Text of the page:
Is Cybersecurity One Word or Two… or Hyphenated?
You’re writing your NIST Cybersecurity Framework roadmap report to the board of directors, and there it is: Cybersecurity. Do you spell it as one word or two? Or do you use a hyphen? A quick Google search shows all three spellings in practice, but less so with the hypen. Merriam-Webster insists it’s one word (search for cyber security and the online dictionary will automatically redirect you to cybersecurity). CSO.com uses two words. So, which is it? And does it even matter?
We would argue that it does matter. And here’s why: The fact that we, as an industry, haven’t agreed on a standard spelling for cybersecurity is endemic—and it’s holding us back. Let me explain.
Cybersecurity is continually evolving, and it shows no signs of stopping. As attackers advance their techniques and new technologies expand the threat landscape, the cybersecurity industry responds with ever increasing rapidity, often without any consideration into how organizations can apply new principles or operationalize newly defined practices—never mind agree upon something as pragmatic as the spelling of cybersecurity.
Why a Common Cybersecurity Language is Important?
Government Technology contributor Brian Heaton explains how the lack of a common language for cybersecurity impacts the public sector:
“With a variety of security options available, public-sector agencies often are deploying tools and using strategies that utilize different terminology and principles. These differences can lead to frustration when trying to compare cybersecurity programs and address the latest digital threats across agencies or jurisdictions. Without a standardized language, it’s difficult to gauge how strong another organization’s cybersecurity is.”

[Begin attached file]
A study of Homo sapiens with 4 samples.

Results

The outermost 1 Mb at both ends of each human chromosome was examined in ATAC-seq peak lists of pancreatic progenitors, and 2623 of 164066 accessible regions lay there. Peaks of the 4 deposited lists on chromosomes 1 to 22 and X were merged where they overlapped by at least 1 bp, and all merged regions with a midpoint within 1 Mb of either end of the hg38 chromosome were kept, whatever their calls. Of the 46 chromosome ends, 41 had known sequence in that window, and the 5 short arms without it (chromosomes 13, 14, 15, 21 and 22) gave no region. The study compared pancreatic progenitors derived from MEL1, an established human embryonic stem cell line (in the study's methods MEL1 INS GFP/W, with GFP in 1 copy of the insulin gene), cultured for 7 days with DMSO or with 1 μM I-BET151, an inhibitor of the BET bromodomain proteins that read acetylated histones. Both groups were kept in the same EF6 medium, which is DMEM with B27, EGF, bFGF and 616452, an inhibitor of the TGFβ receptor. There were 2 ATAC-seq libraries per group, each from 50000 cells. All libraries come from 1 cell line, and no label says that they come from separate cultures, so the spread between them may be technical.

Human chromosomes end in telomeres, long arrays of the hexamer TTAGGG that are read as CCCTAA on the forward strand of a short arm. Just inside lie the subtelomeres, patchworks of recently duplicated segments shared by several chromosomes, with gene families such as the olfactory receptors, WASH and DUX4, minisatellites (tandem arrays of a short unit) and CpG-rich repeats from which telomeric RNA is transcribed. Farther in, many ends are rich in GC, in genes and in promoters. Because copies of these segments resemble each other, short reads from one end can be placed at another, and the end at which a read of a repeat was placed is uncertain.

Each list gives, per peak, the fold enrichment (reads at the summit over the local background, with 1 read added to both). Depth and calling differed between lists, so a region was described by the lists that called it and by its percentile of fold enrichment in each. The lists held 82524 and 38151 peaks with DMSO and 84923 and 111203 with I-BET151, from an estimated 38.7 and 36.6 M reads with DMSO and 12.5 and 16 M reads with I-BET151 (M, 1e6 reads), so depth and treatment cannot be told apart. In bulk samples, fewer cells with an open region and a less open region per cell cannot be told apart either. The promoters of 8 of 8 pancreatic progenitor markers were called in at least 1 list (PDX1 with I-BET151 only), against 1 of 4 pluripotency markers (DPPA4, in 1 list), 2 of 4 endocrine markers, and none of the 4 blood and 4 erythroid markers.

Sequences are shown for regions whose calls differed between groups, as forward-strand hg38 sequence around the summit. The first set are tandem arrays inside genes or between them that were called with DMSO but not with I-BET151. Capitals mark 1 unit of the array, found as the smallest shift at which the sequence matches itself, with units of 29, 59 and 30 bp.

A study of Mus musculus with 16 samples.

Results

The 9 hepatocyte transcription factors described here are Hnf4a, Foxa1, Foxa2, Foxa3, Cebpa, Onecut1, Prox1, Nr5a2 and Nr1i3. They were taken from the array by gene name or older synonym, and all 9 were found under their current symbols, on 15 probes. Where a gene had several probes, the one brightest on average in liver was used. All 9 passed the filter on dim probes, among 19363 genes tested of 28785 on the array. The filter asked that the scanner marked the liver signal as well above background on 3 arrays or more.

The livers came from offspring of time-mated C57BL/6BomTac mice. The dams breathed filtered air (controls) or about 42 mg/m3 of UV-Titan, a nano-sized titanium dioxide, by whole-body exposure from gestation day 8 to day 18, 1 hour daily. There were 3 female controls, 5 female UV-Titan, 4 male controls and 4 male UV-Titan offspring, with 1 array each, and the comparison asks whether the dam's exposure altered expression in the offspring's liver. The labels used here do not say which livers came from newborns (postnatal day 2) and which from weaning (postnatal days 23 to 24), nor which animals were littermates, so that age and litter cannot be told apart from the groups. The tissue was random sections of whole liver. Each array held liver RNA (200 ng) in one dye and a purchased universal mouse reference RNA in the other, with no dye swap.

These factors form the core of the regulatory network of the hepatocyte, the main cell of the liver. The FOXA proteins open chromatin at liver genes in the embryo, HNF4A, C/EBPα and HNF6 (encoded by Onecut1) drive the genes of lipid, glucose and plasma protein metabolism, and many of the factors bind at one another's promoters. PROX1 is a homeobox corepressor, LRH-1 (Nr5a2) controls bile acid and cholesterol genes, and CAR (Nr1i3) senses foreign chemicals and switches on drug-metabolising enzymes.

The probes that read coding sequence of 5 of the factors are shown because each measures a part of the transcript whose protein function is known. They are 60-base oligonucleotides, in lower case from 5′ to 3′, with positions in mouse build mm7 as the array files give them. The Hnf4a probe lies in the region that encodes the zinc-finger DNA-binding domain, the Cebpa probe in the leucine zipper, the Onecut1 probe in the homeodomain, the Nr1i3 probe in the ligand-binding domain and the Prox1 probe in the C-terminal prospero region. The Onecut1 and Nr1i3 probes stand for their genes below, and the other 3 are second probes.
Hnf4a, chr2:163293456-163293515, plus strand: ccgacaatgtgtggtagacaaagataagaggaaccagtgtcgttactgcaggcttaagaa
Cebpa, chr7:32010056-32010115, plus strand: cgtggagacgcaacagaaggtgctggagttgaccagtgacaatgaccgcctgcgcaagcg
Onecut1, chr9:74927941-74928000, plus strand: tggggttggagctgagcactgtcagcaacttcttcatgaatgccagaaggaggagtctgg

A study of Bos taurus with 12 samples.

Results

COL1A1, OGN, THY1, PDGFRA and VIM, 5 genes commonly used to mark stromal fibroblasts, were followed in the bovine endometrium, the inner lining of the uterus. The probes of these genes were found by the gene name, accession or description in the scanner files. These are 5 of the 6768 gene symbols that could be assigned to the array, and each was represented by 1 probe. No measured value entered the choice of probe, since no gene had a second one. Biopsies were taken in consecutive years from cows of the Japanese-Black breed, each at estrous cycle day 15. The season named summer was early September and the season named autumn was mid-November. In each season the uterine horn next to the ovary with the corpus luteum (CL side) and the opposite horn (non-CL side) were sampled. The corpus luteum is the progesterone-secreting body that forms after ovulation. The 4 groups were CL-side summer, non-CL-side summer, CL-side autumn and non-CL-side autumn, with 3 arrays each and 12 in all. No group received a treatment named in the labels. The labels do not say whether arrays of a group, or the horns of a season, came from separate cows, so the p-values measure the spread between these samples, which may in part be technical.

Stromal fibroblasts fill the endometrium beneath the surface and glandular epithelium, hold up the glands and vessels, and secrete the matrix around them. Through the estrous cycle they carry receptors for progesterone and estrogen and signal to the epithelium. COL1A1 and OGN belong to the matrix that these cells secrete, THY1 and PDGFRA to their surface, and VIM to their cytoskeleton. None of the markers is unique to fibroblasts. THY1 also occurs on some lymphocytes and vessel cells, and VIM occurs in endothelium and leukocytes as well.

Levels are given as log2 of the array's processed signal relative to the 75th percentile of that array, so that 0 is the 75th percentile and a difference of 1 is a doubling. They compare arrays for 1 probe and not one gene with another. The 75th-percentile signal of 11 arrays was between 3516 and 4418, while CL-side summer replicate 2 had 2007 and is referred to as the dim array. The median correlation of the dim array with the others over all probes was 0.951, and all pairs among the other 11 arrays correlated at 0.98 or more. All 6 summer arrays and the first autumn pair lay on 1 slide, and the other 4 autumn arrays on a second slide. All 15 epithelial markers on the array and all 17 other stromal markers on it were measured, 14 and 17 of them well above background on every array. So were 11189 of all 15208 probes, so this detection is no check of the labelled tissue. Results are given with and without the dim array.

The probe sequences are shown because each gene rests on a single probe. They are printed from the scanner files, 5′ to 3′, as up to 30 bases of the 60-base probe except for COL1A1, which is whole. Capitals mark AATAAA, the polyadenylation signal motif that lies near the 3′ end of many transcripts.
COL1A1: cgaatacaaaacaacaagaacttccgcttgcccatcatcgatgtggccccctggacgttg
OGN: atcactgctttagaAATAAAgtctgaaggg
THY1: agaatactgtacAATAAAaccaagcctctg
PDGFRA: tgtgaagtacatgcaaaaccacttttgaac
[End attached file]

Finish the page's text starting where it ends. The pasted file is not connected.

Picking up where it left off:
Of course, the lack of a common language for cybersecurity is equally challenging for private sector organizations as they look at mergers and/or acquisitions, attempt to measure the maturity of their own program, or report their security status to the board.
Comparatively, no other industry would tolerate this. Consider the healthcare industry. We’ve come a long way in our ability to diagnose and treat a heart attack. Imagine how different it would be if doctors had different terms for the heart. Cardiac medicine wouldn’t be nearly where it is today.
What is the NIST Cybersecurity Framework?
That’s precisely why the NIST Cybersecurity Framework is important—because it provides a common language and a benchmark across five fundamental cybersecurity categories (Identify, Protect, Detect, Respond, and Recover) to enable organizations to advance their efforts and achieve greater maturity.
Interestingly, the one thing the CSF doesn’t do is establish a standard for spelling cybersecurity. In fact, even NIST is inconsistent in its treatment of the word. The framework is referred to as the Cybersecurity (one word) Framework but NIST uses the acronym CSF, which implies that cybersecurity is written as two words.
So, let’s consider the perspective of Strunk and White (acclaimed authors of The Elements of Style, and grandfathers of the rules of English language), “The steady evolution of the language seems to favor union: two words eventually become one, usually after a period of hyphenation.”
In other words, two words become one when the term itself becomes ubiquitous. At this point, the practice of cybersecurity may not be ubiquitous, but the topic as a point of discussion certainly is. We just need to pause long enough to agree that it’s one word.
Respond to our Cybersecurity Poll
How about you? How do you write cybersecurity? If you’re reading this right now, you already know what I think. Take our Poll and let us know.
If you’re interested in seeing how Rsam can help operationalize the NIST Cybersecurity Framework, and looking for automation instead of managing your program from a NIST Cybersecurity Framework spreadsheet, you can get a demonstration here.